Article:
Cedar Run executive director departing from organization

Press release from Woodford Cedar Run Wildlife Refuge

Photo of Jeanne Gural
releasing an animal (Woodford Cedar Run Wildlife Refuge/ Special to The Sun).

Jeanne Gural, longtime executive director of Woodford Cedar Run Wildlife Refuge, will leave the organization that grew exponentially in size, staff, funding and animal impact during her 10 years at its helm. Cedar Run is recognized as the state’s busiest wildlife rehabilitation hospital and one of its busiest environmental education centers, due largely to Gural’s leadership.

“We’ve become a regional leader in wildlife rehabilitation; our education programs have won awards and engaged tens of thousands of children; and we’ve become a destination and source of sciencebased information,” Gural said.

Yet she is called to new challenges like the one that awaits at The Wilderness Center in Wilmot, Ohio, where she will serve as the next executive director.

Cedar Run is a 171-acre wildlife refuge, rehabilitation hospital and environmental education center with a mission of preserving New Jersey’s wildlife and habitats through conservation, rehabilitation and education. Under Gural’s direction, it has doubled in size and membership countThe refuge has grown to include Woodford Nature Center, the outdoor Wildlife Housing area with more than 60 native residents, and a federally and state-licensed hospital that cares for nearly 5,000 injured, orphaned or displaced native wildlife each year.

Gural also helped expand Cedar Run’s education programs. More than 20,000 students annually experience education and outreach programs, both on-site and in their schools’ classrooms. The programs are designed to complement state and federal learning standards, and are readily adaptable for private schools, homeschool curricula, youth groups and adult lessons.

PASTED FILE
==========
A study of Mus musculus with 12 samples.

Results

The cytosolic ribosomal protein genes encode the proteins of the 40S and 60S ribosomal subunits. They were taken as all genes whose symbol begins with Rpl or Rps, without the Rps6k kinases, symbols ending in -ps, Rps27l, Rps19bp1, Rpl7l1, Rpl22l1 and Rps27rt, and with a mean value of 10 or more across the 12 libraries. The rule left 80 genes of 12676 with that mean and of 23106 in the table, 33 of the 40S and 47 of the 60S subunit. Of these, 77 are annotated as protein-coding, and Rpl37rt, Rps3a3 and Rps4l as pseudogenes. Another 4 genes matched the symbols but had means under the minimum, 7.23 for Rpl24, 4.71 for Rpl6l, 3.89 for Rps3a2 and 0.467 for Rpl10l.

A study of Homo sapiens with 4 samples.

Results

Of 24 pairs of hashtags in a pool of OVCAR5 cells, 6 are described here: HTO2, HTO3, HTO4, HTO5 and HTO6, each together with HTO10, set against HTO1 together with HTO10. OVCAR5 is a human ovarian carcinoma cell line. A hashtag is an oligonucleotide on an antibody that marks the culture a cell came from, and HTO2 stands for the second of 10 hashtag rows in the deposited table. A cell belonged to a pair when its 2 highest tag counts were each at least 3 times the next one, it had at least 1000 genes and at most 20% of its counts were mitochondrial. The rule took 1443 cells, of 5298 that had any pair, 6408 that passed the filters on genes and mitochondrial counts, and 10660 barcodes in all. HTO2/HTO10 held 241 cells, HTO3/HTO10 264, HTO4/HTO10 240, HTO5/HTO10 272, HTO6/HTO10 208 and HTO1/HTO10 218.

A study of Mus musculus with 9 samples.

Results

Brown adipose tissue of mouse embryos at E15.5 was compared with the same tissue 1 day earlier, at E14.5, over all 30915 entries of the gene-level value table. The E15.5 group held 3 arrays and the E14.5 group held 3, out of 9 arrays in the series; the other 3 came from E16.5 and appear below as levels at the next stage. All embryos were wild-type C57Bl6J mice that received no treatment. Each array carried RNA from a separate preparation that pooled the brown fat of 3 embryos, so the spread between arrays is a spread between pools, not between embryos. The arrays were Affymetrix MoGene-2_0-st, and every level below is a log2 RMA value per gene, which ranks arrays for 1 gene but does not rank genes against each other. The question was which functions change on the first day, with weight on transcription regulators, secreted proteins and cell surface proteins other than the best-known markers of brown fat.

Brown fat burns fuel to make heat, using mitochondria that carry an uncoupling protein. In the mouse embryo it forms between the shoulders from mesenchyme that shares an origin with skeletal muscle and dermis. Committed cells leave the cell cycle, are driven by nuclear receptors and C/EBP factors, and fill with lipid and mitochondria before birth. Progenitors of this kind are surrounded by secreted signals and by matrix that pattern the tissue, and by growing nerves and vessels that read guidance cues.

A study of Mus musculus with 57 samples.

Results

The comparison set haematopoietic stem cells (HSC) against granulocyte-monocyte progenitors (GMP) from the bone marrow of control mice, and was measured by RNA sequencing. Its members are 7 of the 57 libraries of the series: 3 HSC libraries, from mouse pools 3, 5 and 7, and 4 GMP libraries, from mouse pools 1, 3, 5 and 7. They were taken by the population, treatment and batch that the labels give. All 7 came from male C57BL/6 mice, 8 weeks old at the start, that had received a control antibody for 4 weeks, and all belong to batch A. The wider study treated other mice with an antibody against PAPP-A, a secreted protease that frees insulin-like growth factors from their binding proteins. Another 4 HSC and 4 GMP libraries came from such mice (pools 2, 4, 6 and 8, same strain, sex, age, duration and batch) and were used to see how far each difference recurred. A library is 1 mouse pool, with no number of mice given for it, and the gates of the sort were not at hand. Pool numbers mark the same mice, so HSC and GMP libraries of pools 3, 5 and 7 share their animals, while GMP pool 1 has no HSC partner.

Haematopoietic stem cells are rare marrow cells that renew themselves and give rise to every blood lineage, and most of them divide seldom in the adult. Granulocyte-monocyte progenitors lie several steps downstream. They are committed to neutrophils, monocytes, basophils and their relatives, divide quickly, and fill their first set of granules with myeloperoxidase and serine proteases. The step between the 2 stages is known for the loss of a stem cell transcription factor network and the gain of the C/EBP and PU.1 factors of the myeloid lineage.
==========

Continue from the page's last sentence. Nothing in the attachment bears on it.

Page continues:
Gural grew up in Palmyra, and graduated from Palmyra High School in 1981. She went on to Pitzer College, one of the Claremont Colleges in California, where she earned a bachelor of science degree in Organismal Biology and Biological Anthropology.

While based there, Gural also worked on wildlife- and habitat-focused projects in Venezuela, Mexico, Jamaica, Costa Rice and Panama. She has completed graduate-level work in ecology, plant identification, wildlife ecology and habitat restoration. Gural served as the Ecological Restoration Program Manager for Rutgers University, and as Director of Preserves for The Nature Conservancy. In 2018, the National Association of Women Business Owners of South Jersey named Gural Environmental Advocate of the Year.

“I always have tried to be a voice for wildlife and environmental education, and habitat and wildlife conservation,” Gural said. “I truly love Cedar Run. I love the people, the organization’s mission, the wildlife, the trails. And I will miss all of it.”

Gural’s activities have not been limited to Cedar Run. She has worked on a nine-mile, multi-town trail from Medford to Evesham, and helped create state-level legislation on behalf of wildlife and wildlife rehabilitation. Gural also has assisted with the design, planning, and curricula for three outdoor classrooms in local elementary schools.

Gural’s last day at Cedar Run will be Oct. 31

In mid-November, she’ll start work at The Wilderness Center. That organization offers a wide range of ecological programming for all ages and protects approximately 4,000 acres of natural land across northeast Ohio.